We’re still waiting for the official cause of death for Matthew Perry, who was famous for starring in “Friends” and struggling mightily with substance abuse. Even in the addiction recovery world, I’ve heard people suggest Perry’s legacy depends on whether the pending toxicology reports show he suffered a relapse. They couldn’t be more wrong.
Yes, Perry died of still unknown causes. More important, he changed the conversation about addiction in our country. More people will get help because of his bravery. Fewer people will die.
But … did it get him in the end? And shouldn’t we know that before we talk about his recovery – whether it stuck or not?
That type of thinking is exactly what keeps people sick. Shame is an ally of addiction, and this notion threatens people in recovery with the possibility of extra shame: that no matter what you do to get sober, if it ends poorly, it was all worth nothing.
Even in the recovery world, where we say “relapse is part of recovery,” the most valued story is that of a person seen as fully recovered. We value time, the unspoken message to a newcomer being that those with the most time know the most.
So when you’re a relapser like me – and I was really a professional relapser – what you hear is that everything you learned during your last sober stint is worthless and you’re now back to square one. And how many times can you hear that before you’re tired of starting over?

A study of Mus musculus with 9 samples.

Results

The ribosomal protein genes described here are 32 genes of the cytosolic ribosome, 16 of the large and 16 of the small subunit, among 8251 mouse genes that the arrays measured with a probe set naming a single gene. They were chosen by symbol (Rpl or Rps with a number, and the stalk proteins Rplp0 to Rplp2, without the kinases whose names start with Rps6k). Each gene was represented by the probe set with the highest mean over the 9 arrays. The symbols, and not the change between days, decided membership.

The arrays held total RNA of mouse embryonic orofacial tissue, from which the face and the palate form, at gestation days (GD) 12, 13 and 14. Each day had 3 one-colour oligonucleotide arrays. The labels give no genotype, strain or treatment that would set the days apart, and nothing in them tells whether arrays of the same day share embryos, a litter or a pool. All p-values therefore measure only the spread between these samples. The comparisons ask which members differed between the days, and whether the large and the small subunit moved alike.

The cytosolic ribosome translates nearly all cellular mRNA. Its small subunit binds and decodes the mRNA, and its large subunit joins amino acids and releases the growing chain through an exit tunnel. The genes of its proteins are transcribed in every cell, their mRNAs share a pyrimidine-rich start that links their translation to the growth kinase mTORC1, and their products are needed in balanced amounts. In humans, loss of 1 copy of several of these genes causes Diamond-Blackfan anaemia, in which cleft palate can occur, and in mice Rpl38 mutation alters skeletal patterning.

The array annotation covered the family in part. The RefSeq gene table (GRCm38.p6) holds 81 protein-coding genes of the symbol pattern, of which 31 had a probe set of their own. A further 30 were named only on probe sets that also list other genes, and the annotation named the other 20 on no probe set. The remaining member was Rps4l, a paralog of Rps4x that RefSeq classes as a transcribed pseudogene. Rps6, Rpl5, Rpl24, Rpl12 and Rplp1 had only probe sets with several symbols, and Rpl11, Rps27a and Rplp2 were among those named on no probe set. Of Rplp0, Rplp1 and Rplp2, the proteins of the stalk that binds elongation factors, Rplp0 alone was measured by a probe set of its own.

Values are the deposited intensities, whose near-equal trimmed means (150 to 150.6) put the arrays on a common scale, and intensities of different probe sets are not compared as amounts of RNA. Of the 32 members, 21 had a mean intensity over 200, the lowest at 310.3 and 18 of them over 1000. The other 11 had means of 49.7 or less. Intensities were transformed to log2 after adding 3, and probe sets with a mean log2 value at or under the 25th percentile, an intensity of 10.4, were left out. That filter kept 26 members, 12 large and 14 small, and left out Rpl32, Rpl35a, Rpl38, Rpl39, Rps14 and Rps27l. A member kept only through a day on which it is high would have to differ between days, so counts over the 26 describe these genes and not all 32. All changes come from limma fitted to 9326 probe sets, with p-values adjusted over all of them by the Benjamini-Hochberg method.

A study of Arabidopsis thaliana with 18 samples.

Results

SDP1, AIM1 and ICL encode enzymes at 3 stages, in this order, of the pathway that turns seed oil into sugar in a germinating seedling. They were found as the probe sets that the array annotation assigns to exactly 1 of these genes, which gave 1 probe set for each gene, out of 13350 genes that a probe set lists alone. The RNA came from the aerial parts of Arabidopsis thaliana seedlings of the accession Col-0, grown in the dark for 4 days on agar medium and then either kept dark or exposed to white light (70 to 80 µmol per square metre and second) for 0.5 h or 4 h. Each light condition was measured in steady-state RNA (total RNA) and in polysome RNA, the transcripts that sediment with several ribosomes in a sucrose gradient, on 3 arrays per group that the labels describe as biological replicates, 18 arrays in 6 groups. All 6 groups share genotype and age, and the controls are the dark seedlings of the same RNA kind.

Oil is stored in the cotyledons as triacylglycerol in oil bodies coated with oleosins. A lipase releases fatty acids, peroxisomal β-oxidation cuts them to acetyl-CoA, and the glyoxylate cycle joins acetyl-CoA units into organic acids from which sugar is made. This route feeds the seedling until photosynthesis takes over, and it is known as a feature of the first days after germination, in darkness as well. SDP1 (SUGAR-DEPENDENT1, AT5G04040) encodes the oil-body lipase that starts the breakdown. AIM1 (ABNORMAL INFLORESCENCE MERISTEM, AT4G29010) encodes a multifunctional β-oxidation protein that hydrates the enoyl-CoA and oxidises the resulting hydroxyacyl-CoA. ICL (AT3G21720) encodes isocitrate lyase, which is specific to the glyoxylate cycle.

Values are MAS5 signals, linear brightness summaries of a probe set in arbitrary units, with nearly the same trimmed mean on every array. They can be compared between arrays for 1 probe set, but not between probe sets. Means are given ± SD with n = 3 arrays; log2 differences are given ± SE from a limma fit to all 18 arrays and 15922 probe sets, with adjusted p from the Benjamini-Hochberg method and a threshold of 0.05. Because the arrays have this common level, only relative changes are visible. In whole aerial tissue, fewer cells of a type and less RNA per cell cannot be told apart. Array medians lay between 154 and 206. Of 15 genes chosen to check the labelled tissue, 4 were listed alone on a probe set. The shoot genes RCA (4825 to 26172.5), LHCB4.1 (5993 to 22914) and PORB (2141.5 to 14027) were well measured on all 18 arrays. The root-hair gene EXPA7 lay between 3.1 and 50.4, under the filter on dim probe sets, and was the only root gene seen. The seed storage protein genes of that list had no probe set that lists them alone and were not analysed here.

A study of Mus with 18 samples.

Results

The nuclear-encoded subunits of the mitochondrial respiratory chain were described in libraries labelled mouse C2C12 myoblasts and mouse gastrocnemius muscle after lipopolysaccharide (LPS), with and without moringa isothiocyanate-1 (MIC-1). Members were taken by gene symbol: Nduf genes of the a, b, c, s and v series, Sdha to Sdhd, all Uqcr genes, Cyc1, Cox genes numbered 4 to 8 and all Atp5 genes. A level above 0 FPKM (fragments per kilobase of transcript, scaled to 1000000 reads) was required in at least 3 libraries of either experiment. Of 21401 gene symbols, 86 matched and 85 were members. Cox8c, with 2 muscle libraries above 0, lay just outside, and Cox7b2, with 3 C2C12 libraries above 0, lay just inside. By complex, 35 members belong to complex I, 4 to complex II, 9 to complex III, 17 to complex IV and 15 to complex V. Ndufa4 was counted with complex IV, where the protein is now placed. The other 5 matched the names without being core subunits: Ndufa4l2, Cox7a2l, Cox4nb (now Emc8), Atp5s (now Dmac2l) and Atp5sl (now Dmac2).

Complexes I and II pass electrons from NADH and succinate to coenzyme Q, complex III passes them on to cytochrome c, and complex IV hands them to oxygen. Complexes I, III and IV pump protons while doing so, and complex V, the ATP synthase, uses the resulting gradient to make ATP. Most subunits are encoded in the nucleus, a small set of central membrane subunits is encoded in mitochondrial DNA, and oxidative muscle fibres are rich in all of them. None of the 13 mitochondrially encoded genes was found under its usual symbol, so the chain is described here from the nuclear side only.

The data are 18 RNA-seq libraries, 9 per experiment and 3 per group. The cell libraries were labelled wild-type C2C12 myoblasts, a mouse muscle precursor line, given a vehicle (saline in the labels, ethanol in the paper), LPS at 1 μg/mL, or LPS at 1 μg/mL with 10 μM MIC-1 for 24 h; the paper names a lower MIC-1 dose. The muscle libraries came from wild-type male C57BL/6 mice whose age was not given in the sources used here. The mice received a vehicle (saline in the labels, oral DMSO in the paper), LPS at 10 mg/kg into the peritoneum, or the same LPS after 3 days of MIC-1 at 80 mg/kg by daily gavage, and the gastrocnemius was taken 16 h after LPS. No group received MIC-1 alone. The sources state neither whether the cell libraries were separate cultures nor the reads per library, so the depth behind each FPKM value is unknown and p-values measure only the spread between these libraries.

If you were driving across the country and your car broke down, would you get it fixed and then go back to where you started your trip to begin again? That doesn’t make any sense, but it’s exactly how we talk about addiction and relapse.
Learning, growth, healing, amends, reconnection – none of these aspects of recovery have to happen in a straight line. If you can do any of them at all during your lifetime, it’s a success.
From my perspective, the world record for sobriety is 24 hours.
Yes, of course there’s value in having 12 years compared with seven days: The cravings have weakened, you’re not sweating through the sheets at night, and, sure, you probably don’t have a parole officer anymore.
But I’m not sure time in recovery guarantees that you become a truly empathetic or inspirational person. I know lots of sober jerks, and I know plenty of people who are bettering the world even though they just can’t beat this beast of addiction.
Let’s tell the newcomer, “Every day you don’t drink and you don’t use is a victory. No one will take it from you.”
I remember when the idea of going an hour seemed impossible. A day was a victory. And when it took me two years to string together 90 days together in a row, I felt like I was doing it for the first time because I had internalized the shame about relapse. In reality, I had been fighting it for two years, not just 90 days. So I’m not shaming the next person who faces a similar struggle.
I hope the toxicology results for Perry, whatever they are, give his family some answers. But all the rest of us need to know is that the world is better off, and more people still live in it, because he was here. Matthew Perry 1, Shame 0.
Now let’s follow his example and celebrate any 24 hours of sobriety that anyone has. After all, they’re tying the world record.
Sean Daniels is a person in long-term recovery who runs the Recovery Project at Florida Studio Theatre in Sarasota. His play “The White Chip” is scheduled to reopen off-Broadway in February.